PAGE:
Call The Shots 12” EP
(Pirates Press Records)
Listening to Call The Shots – the debut EP by Suzi Moon – there’s no way to deny that listeners will be able to recognize a great similarity to the vocal tone and timbres of Courtney Love, but listeners also won’t be able to deny that the three songs which comprise this EP are more enduring and enjoyable than anything the Hole singer has ever done.
This review has been written in the manner that it has for a reason. Could I have pattered on at length about how the three songs on Call The Shots [which have been pressed on both sides of this 12” vinyl record –ed] feature a lineage which can be traced directly through pillars of the Riot Grrl movement including Bikini Kill, L7 and Bratmobile, as well as through the sludgy, attitude-infested East Coast crunch of bands like Boss Hog? Sure I could have – but that would just be dancing around the point. The point is that, in the three songs collected here, Suzi Moon has stricken a perfect balance between the swagger of punk rock and the grit of grunge, and presented that mixture with just the right amount of excitement to also make it powerfully infectious.
There is no build or delicate ramp-up as stylus catches groove and the EP opens – the running just assaults eardrums with all the gentility of a dead blow hammer to the temple as “Special Place In Hell” falls into gear. There, the basic structure of the song is exactly what anyone would expect of the first thing they’ve ever heard from a female rock star; Moon introduces herself with a sort of tongue-in-cheek come-on (“You looked me in the eye/ Told me this was really blowing your mind/ It’s not the life you’re used to/ I let you come inside/ Steal a little piece of my design/ Did you calculate the kiss too”) before spiting in listeners’ ear with molten guitars and the line, “There is a special place in hell for you.”
In the strictest terms, the most stoic critics will say this is nothing new, and they’re right – but Suzi Moon presents it with such fervor that there’s no question she’ll have piqued the interest of everyone within earshot. The sound is, very simply, a perfect mix of ‘noxious’ and ‘hypnotic’ and the hooks will sink deep into listeners and hold them as the singer continues her rant for another two and a half minutes. It’s a great cut and leaves listeners primed for more.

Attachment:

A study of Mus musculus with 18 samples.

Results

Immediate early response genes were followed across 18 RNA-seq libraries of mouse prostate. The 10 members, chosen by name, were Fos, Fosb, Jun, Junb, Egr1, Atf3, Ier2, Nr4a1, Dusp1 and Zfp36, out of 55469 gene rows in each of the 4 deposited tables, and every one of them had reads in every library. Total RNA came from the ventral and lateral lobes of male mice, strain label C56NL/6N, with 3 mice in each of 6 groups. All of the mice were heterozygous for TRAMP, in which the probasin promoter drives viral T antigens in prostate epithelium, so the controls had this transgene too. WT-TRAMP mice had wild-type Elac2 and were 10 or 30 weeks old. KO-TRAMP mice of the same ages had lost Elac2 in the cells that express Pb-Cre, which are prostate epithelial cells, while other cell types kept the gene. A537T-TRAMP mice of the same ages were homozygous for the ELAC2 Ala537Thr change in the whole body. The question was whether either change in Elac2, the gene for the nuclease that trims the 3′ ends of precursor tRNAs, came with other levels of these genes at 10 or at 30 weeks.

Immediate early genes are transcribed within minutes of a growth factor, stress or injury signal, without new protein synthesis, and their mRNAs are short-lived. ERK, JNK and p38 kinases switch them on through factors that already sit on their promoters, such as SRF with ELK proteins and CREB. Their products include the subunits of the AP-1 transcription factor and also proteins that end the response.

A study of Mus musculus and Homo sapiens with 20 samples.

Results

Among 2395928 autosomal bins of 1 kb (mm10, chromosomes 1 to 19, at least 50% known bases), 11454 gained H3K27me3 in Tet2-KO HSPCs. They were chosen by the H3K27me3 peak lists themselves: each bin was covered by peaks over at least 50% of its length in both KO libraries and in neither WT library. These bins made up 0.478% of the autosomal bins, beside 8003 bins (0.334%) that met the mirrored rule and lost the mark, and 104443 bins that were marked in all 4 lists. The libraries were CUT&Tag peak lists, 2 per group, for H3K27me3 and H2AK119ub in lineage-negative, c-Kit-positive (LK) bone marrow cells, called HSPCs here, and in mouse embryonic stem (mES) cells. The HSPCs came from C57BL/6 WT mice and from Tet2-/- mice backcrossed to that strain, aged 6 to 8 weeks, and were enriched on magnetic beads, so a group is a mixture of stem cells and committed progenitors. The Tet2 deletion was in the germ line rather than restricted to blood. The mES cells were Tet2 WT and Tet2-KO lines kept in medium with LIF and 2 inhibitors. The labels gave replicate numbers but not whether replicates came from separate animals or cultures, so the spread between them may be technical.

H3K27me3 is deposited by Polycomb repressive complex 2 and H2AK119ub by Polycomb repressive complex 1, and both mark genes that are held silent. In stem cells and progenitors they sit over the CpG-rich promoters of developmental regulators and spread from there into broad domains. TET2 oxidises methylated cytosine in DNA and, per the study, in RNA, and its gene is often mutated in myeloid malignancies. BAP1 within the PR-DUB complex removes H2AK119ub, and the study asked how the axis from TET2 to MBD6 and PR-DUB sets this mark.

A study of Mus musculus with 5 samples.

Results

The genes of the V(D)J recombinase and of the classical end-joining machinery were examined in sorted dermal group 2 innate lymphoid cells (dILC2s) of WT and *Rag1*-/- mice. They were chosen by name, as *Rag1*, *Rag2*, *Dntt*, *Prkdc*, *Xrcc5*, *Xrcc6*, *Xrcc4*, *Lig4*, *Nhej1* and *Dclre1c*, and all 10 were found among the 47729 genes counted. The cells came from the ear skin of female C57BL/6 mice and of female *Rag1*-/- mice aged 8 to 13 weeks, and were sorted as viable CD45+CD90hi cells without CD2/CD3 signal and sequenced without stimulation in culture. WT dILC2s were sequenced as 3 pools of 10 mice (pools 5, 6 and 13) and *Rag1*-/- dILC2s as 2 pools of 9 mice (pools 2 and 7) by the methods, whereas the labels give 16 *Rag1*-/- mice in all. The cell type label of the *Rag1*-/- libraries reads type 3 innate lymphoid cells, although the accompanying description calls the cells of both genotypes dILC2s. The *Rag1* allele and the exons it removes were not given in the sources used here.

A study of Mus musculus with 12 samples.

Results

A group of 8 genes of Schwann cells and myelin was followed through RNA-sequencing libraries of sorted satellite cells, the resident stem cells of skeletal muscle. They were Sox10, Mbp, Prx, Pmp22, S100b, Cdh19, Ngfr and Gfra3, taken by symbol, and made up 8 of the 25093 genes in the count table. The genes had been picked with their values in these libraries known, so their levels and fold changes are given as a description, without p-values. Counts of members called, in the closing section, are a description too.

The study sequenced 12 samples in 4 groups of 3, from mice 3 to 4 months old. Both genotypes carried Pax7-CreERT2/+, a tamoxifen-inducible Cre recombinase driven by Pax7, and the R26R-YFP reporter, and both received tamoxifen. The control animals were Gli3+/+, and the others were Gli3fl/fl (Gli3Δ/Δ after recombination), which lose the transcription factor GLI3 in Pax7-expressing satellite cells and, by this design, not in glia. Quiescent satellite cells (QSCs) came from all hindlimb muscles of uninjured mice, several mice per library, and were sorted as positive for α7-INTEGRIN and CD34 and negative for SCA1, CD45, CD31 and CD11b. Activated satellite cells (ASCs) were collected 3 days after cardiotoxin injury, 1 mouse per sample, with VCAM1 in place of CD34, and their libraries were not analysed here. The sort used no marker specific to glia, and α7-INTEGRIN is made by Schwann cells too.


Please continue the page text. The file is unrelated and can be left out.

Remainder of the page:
Listeners will take pause and think twice after “Special Place In Hell” closes and a far leaner guitar tone which comes close to cribbing the riff from Nirvana’s “Come As You Are” opens “I’m Not A Man,” but the song then shifts gears into a “Party girl with no excuses to make and no fucks to give” along with an almost bluesy grunt which pulls the best song (in this critic’s opinion) along. Here, the Riot Grrl swagger from the first cut endures, unbroken, but because listeners are already primed for it, “I’m Not A Man” actually plays better because the sense of familiarity after the first cut causes listeners to relax.
Because the first two cuts already did most of the hard work, “Nothin’ To Me” plays through confidently, almost like a victory lap. Following a count of six, Moon and guitarist Drew Champion just lash out unhinged with a gloriously muddy instrumental tone over Rikki Styxx’s unrelenting drum performance. That sound really does feel like the pay-off listeners were hoping for from the first two songs but, when Moon steps to the mic and unleashes a vocal performance which sounds like Die Mannequin’s Care Failure after a really long, hard night at the Corktown, listeners’ eyes will just set to glistening. In a short fun of two songs which felt and sounded spectacular already, “Nothin’ To Me” answers the question of how promising this singer’s future might be in four minutes flat. Here, the rabid tone and tempo of the guitar compliments Moon’s vocal perfectly, and makes it feel as though she’s bored but is obviously capable of dishing thrills – even on her worst day; and it’s just excellent.
And after “Nothin’ To Me” splashes out and the needle lifts, listeners have the option of either flipping the 12” single over of just re-starting the side they’re on; either way, they’ll be playing through the same songs – but that’ll be fine because they’re supremely addictive. There’s no question that those who experience the Call The Shots EP will be hungry for more and, yes, they’ll have their eyes peeled on new release racks at their favorite record store for when another release does appear from Suzi Moon. Until that release appears though, it’s good that the three songs which populate Call The Shots appear on both sides – with two copies of each song available on this single, it’s slightly less likely that listeners will totally wear the vinyl out as they wait for more music. [Bill Adams]
The Call The Shots 12” EP is out now. Buy it here, directly from Pirates Press.